Dr Steve Frosdick is a consultant, scholar and independent expert on safety and security at sports grounds who works across Europe.
I interviewed him in the aftermath of the fireworks incident at the recent Champions League match at Celtic Park involving Cliftonville.
Q: Celtic fans recently let off several ‘bangers’ in a section of their home ground Celtic Park during a match. Was this dangerous?
A: Using pyrotechnics in spectator areas is always potentially dangerous. Back in 2008, the Council of Europe Standing Committee on Spectator Violence noted the possible dangers as “burns, the development of toxic products, respiratory problems, fire hazards, temporary or permanent hearing loss, cardiac arrhythmia, etc.” There are plenty of recent examples of these dangers becoming realities, although of course they don’t happen every time a pyrotechnic is used. I would categorise using pyrotechnics as a high risk activity because of the medium probability of harm occurring and the high severity of harm when it does occur. On that basis then, yes it was dangerous.
The particular dangers from those thunder flashes (‘bangers’) would have been burns, injury or hearing loss, all arising from the explosions. I know of football cases where the person lighting the thunder flash has had their fingers or hand blown off or where people standing nearby have been taken to hospital with damage to their hearing.
The three other main types of pyrotechnics are smoke bombs, Bengal lights (hand held flares) and rocket flares (distress signals). The smoke from the smoke bombs is toxic and can cause burning to the lungs, such as in the case of the 15 year old boy who was hospitalised after the Wigan v Aston Villa game at the end of last season. The Bengal lights burn at over 1500 degrees centigrade and can melt flesh on contact – the photographs are horrendous. The rocket flares kill. Just a few weeks ago a 14 year old Bolivian boy was struck by such a flare, fired horizontally across the stands by a Brazilian fan. The rocket entered the boy’s right eye socket and embedded itself in his brain. He died almost instantly.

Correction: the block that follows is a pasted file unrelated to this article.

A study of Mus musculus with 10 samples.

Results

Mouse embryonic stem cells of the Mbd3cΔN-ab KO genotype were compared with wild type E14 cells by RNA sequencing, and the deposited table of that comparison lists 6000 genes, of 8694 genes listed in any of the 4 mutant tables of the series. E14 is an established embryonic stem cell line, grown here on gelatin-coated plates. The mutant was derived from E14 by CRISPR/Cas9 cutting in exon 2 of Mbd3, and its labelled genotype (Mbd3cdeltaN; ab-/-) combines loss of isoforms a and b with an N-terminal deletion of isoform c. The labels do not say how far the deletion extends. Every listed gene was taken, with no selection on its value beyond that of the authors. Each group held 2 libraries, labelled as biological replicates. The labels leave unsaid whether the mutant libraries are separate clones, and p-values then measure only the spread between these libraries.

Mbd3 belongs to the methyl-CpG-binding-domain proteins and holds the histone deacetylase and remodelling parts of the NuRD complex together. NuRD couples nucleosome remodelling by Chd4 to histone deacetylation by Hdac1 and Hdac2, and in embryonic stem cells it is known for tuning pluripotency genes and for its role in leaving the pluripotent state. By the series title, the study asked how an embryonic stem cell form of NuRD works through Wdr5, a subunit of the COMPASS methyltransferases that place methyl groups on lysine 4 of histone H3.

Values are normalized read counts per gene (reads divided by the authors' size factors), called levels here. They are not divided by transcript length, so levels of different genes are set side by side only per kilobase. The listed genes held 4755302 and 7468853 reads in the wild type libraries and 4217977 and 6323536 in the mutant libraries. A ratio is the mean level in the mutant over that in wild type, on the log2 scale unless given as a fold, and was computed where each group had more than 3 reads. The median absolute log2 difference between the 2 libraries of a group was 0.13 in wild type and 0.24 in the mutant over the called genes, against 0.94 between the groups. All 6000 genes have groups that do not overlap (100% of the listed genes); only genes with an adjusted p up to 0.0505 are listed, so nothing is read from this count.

Q: The unauthorized use of pyrotechnics in stadia is illegal in the UK. Why is this?
A: Because of the clear risks to both the user and to others. It is a criminal offence to possess a firework whilst seeking to enter the stadium or whilst in the viewing accommodation. You don’t have to use the firework to commit the crime – merely having it with you is enough.
Q: What can be done to prevent people bringing pyrotechnics into the stadium?
A: Where it is proportionate to the risk, selective searching at the entrances can help deter and disrupt offenders. But searching alone cannot prevent fireworks. Pyrotechnics can be very small, straightforward to conceal and so easy to miss in a search. Moreover, the number of condoms found on toilet floors after kick-off clearly tells us how the more determined fans bring the fireworks in. Sniffer dogs patrolling the concourses can help deter and sometimes detect, although once a firework has been set off they have the scent and can’t be used anymore. Publicising the sentences given to offenders can also help deter others. Fans should be asking themselves, is it really such a good idea to risk prison, a banning order, failing a future CRB check and facing a life-long increase in insurance premiums for a bit of coloured smoke?
Q: The proponents of the use of pyro by fans say that the club uses these fireworks in organised displays and that they are being hypocritical. Do they have a point?
A: Even organised displays have been known to go wrong and injure people, so pyrotechnics in the stadium are never risk free – but then nor is any other human activity. The question is this; is it better to ban pyrotechnics completely or else to allow the fans to enjoy them through organised displays where the risks have been controlled so far as is reasonably practicable? I prefer the idea of a match organiser liaising with the fan groups and then engaging a professional company to stage an organised display which complements the fans choreographies. Thus the organisers and fans work together to create the spectacle, for example when the players take the field.
Q: Are disabled supporters especially at risk?
A: Yes. Some disabled fans are particularly susceptible to the effects of the toxic smoke. And of course many disabled fans cannot easily move away to escape the fumes. This is a double whammy which puts them at particular risk.
Dr Frosdick is on Twitter at @SteveFrosdick.